Science fiction fans will enjoy 'Zero Time'

Science fiction fans will enjoy 'Zero Time'

As we know, the world did not come to an end when the Mayan calendar ended in 2012. Author T. W. Fendley explores Mesoamerican culture, time travel, the Mayan calendar and more in her science fiction novel "Zero Time," which mostly alternates between Peru in 2011 and Mexico in ancient times.

What is evident when you read Fendley's well-written story is her vast knowledge of Mesoamerican culture and science theory. The research alone to create this fictional story is impressive.

The premise of "Zero Time" is that a race of aliens time travel from a planet in the Pleiades because they are about to become extinct. They have an SRY disorder, which causes 97 percent of their infants born to be female. They are coming to Earth to correct this disorder and take a solution back to their planet with the ultimate goal — male babies to continue their race.

Sixteen alien travelers separate into small groups and leave their home planet on the same day, but they arrive on Earth, in North and South America, at different times and in various areas to assure survival.

Fendley said, "In my fictional world, they helped establish ancient cultures — the Olmec, Inca, Maya and Aztec."

Part of the novel tells the story of Xmucane, a powerful sister from Omeyocan, and her struggles once she arrives in Mexico in 3092 B.C.

One of her daughters has greed in her heart, and this causes many troubles for Xmucane, her mate and her sisters.

The rest of the novel takes place on an expedition in Peru in modern times, focusing on the character, Keihla, a science writer from Philadelphia. While exploring Machu Pichu, strange things happen to Keihla. She has visions of four mothers and playing with people she doesn't know and large serpents.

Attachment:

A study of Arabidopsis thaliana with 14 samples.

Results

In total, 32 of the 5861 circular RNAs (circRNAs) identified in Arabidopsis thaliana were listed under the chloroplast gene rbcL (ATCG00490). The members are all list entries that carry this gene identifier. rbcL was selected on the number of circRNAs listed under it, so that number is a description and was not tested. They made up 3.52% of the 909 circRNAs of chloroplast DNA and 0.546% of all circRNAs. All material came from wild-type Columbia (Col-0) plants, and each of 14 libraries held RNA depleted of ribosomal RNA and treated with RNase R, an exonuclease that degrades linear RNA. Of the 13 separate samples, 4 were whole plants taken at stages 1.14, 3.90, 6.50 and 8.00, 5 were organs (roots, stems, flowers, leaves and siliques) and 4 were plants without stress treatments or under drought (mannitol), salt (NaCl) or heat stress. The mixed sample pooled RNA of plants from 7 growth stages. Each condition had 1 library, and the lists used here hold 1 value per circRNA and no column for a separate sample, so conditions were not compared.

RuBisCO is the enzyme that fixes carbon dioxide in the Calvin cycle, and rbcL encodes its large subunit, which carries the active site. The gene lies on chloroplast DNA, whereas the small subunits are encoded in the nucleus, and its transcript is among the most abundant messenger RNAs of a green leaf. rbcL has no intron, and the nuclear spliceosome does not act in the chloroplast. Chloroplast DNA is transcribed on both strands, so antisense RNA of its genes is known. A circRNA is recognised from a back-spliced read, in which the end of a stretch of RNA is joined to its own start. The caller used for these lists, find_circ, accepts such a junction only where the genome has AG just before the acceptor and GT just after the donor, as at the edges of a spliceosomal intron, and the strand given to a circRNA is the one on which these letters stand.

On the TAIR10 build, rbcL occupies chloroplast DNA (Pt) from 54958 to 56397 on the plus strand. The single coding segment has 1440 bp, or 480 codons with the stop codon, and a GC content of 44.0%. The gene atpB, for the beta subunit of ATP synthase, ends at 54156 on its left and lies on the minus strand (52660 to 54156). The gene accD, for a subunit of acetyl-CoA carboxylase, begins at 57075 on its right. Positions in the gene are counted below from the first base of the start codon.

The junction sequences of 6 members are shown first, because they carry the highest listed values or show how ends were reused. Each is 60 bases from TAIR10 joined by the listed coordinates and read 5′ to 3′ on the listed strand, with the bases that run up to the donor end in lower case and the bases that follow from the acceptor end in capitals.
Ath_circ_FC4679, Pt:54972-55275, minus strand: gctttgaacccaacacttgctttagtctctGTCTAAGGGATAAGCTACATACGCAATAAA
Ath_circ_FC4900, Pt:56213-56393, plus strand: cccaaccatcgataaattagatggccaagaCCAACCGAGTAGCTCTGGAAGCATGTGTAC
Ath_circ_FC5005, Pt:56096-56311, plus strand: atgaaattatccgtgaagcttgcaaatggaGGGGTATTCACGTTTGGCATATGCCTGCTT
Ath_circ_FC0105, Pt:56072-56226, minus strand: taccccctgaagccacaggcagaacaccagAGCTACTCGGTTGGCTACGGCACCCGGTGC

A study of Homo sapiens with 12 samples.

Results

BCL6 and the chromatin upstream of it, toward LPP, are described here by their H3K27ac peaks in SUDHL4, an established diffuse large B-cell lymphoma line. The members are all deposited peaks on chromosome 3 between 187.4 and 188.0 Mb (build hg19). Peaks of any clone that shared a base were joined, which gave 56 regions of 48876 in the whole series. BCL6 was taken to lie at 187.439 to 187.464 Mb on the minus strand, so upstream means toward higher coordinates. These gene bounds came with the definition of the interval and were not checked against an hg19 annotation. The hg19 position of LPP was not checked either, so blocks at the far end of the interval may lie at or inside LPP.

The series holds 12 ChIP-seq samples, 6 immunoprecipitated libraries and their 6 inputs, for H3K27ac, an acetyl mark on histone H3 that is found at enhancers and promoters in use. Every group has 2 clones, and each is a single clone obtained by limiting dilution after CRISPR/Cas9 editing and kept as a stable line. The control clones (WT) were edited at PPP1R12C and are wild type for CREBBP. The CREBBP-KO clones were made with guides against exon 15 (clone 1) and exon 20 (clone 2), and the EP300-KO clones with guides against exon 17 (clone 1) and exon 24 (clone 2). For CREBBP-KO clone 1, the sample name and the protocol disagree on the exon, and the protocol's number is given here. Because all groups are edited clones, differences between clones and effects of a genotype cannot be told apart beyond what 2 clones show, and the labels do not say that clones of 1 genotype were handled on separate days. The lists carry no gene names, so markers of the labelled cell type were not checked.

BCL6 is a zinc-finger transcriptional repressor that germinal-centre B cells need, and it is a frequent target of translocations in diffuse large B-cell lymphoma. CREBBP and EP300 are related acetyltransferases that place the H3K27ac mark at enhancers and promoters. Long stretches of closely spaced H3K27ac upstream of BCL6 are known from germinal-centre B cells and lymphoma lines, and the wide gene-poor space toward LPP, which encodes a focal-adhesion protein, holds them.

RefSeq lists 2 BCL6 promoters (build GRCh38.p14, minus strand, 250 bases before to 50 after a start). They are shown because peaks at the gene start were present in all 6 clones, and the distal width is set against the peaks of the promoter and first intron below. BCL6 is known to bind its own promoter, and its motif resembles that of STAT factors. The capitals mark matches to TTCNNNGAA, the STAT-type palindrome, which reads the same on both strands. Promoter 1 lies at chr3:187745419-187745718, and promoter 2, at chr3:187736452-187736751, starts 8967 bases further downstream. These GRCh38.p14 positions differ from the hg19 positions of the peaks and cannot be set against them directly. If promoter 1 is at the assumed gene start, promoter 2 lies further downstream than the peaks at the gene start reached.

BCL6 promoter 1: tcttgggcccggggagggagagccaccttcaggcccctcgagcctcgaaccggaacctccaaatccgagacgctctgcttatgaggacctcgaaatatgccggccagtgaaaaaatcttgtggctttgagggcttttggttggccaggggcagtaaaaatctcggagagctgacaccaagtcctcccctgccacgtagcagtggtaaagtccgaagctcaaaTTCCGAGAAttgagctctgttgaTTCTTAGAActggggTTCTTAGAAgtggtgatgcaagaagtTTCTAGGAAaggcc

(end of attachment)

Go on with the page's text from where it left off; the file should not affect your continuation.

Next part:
After an encounter with "a fortune teller," Keihla is able to open a clay box that no one else can and finds a necklace inside, an exact replica of the one she was wearing when she was adopted at age 4.

There's a connection between the two time periods and women's stories that unravels as readers race to the end — the good guys in each time period seem to be in danger at every turn as the bad guys try to gain power.

If you have a fear of snakes, hold on — Fendley uses snakes to allow the aliens to time travel, and she often describes the serpents as levitating, wrapping around characters and playing with the children.

She states in her author's note, "My Serpents, who bond with humans like the dragons of Pern in the late Anne McCaffery's books, manipulated spacetime to create the Serpent Ropes."

Finally, in her note, she also addresses the strange names in the chapters set during ancient times. Many readers, especially those who do not usually read science fiction or fantasy, may get hung up on the characters' names — many of which start with an X. Fendley explains that she wanted to use names from Andean and Mesoamerican history, religion and mythology.

She does give a pronunciation guide in the beginning of the story and in the author's note explains where each name came from. Never fear, there's also a Chad and Andrea in the expedition in Peru.

Fendley became interested in writing about ancient American cultures while researching story ideas at the 1997 Clarion Science Fiction and Fantasy Writers' Workshop. She has traveled to archeological sites in the Yucatan, Peru and American Southwest.

She also has a website on Associative Remote Viewing at She has penned two short pieces that connect to "Zero Time," titled "The Mother Serpent's Daughter" and "Jaguar Hope."

If you are a fan of science fiction, you will be drawn into the world that Fendley has created.

Margo L. Dill is celebrating the release of her second novel, "Caught Between Two Curses," a young adult novel exploring love, family and the Curse of the Billy Goat on the Cubs. She also is the author of "Finding My Place: One Girl's Strength at Vicksburg," a middle grade historical fiction novel. She lives in St. Louis with her family.